Probably like thousands of other librarians, my inbox was full of friends and colleagues sending me this article in the New York Times about school librarians. The article is pretty interesting but I was particularly drawn to the video (which I can't link to...NYT needs to fix that!). It coincides with a major issue we are dealing with at Champlain: what information literacy skills do our students already have?
At the moment, the five teaching librarians are teaching info lit sessions to all first year students. Our information literacy program is embedded into Champlain's Core Curriculum. The Core curriculum is an integrated, interdisciplinary, incremental program that is a required component of the Champlain education. The chance to reach all students, every semester is incredible. And we have a lot of ideas about what our sessions should encompass. But the spring semester of their first year is when students encounter their first research assignment. And trying to make sure students are equipped to handle that assignment is difficult because we don’t know with which skills students have come to Champlain.
To cover all the bases, in the IL session for first years students will:
-be introduced to the library catalog,
-practice using print material effectively,
-apply their keywords in an academic database, and,
-use database results to deepen their searches and refine their keywords.
We are combining a lot of hands on, interactive tasks during the sessions with some more traditional instruction. One of the activities students try is using the index and table of contents of books to seek out specific information. Pretty basic, right? We thought so too. But during reference interviews, we have been incredulous at how few students know how to find a book or use PARTS of a book rather than the whole thing. Yet, when we go to classes, many of the students say that they know this already. Mostly, that's a relief. But the same is true when using the databases. They say they know this already.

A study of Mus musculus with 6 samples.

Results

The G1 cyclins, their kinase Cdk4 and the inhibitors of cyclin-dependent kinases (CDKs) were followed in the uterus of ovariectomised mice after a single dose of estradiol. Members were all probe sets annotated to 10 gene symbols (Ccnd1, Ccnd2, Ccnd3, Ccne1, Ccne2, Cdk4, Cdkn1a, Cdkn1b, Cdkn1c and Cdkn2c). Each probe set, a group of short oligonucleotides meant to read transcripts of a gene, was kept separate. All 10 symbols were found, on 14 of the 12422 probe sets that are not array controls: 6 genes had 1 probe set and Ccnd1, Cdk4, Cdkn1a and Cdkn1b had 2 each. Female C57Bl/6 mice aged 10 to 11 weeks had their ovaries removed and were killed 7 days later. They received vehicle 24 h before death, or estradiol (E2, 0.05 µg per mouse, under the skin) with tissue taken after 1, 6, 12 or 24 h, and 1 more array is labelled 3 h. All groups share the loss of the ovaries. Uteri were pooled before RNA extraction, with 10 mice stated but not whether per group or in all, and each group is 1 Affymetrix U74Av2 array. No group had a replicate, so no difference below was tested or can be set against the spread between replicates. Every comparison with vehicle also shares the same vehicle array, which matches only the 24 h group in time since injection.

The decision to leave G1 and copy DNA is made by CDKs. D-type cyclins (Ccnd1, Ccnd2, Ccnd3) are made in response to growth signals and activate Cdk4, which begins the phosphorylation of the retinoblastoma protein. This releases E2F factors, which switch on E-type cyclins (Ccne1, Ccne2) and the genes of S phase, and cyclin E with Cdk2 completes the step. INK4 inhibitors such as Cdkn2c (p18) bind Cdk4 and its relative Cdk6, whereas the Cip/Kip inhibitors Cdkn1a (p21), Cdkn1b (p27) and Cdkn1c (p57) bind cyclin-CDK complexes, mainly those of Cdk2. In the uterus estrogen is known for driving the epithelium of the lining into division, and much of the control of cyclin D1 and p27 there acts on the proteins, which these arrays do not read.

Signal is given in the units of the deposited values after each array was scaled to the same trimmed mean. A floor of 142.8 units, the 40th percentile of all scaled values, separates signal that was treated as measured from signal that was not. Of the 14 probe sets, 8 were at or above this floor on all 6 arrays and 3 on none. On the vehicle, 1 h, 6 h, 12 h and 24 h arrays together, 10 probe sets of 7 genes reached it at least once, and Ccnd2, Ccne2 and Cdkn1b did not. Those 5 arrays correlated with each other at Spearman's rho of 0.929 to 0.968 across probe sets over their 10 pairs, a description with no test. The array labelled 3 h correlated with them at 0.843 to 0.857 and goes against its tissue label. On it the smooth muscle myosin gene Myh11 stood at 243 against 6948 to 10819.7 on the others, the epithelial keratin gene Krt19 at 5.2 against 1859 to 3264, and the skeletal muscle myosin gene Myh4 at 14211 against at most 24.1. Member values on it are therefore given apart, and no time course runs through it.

Essentially, as the NYT video shows, librarians in K-12 are doing valuable and important work in teaching IL skills early. The problem I face in a higher ed library is that we don't know if every student has had it. As the article points out, "as school librarians increasingly teach students crucial skills needed not only in school, but also on the job and in daily life, they are often the first casualties of school budget crunches." So, some schools have librarians performing this function and some don't. Where does that leave students when they get to me at the college level?
Many other librarians advocate for pre-tests to determine where students are. I have never been a fan of pre-testing and I haven't seen much literature that points to its effectiveness. Moreover, just because students say they know how to use an index, does that mean that they know how to use an index effectively or know when it is an effective tool? Regardless, we are faced with the challenge of students coming to us with different levels of knowledge and practice when it comes to research. How do we deal with students that are more experienced and sophisticated users with those students that haven’t had much experience or instruction?
I am seeing it as a balancing act. We are trying to pitch these sessions as refreshers and “tips and tricks”. We talk to students about what we, information professionals, would do to deal with their questions or assignments. At first, I was pretty skeptical about that approach. But students seem to really take to it. I think a big part of that has to do with authenticity. I remember reading Parker Palmer’s piece for Immersion and the idea of teachers being authentic and open to vulnerability really struck a chord with me. And it seems to strike a chord with students. I don’t know the answer to their questions but I talk them through how I try to figure it out. And they seem to appreciate it that. Is it perfect? Certainly not. Is it working? Our assessment data will show us. More importantly, as they delve into their research papers, we’ll see whether the reference questions demonstrate that they are hearing what we’re saying and practicing what we’re showing them. But as we wrap up our sessions….it feels right.